Comments on the OECD Public Consultation on the Global Anti-Base Erosion Proposal (GloBE) under Pillar 2
- We welcome the opportunity to provide comments on the significant steps the OECD intends to make in reforming the international tax system under Pillar 2, and we urge all participants to cooperate closely. Only through a global consensus can we hope to reform the global tax system in a coherent way. As the OECD considers the corporate tax as ‘the most harmful tax to growth’, we are concerned about the negative effects a likely increase of corporate tax rates will bring about. We are also concerned that transparent and fair tax competition may be reduced, in particular for smaller countries with few natural resources or viable policy options.
- While the GloBE-proposal is still under development, the overall reform should be focused on those cases where artificial arrangements are taking place, insofar as these were not addressed by BEPS or Pillar 1, and not on genuine commercial transactions. It will be essential that the GloBE is simple to apply and calculated on an aggregate basis as opposed to a per jurisdiction or per entity basis. Further clarification is needed, in particular on the calculation of a common tax base. The Inclusive Framework (IF) should also consider whether some BEPS-rules, such as for CFC and hybrids, could be improved, replaced or simplified rather than imposing an additional complex layer of rules, to keep the administrative burden as low as possible for both businesses and tax administrations.
- Any agreement made should be informed by a thorough impact assessment on a country-by-country basis, covering the effects on tax revenue, investment, growth, employment and business models. Prior to any agreement, the impact assessment should look at the results of the agreed BEPS-measures and Pillar 2’s relationship with Pillar 1, and whether this already not sufficiently counters the practice of artificial arrangements.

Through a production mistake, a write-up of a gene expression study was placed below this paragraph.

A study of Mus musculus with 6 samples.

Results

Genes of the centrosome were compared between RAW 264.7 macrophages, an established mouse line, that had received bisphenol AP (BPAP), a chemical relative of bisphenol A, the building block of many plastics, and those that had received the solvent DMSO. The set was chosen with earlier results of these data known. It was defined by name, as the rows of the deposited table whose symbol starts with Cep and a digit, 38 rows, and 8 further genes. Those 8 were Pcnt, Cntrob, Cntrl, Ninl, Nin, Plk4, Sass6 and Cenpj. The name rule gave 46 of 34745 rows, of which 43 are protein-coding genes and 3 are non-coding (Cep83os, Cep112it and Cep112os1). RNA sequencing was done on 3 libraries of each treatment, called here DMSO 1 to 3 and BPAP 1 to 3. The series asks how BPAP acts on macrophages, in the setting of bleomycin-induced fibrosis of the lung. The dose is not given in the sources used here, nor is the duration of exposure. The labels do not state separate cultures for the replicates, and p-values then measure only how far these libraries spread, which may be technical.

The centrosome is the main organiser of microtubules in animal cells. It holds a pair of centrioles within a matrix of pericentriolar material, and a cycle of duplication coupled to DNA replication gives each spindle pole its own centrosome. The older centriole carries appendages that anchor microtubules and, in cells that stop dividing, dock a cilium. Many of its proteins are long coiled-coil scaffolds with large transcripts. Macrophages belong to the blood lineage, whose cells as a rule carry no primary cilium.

What does BusinessEurope aim for?
- Any solution found should tax net profits once and never revenue, and the new rules should be as simple and easy to administer as possible, focusing exclusively on artificial arrangements (with considerably strengthened dispute mechanisms), whereby the current transfer pricing rules and the arm’s length principles are retained as much as possible for transactions with commercial value. Existing unilateral measures must be repealed when the IF finds an agreement. A sharp increase in the effective corporate tax rate and compliance costs should be avoided as it would harm growth, jobs, R&D and the development of innovative business models.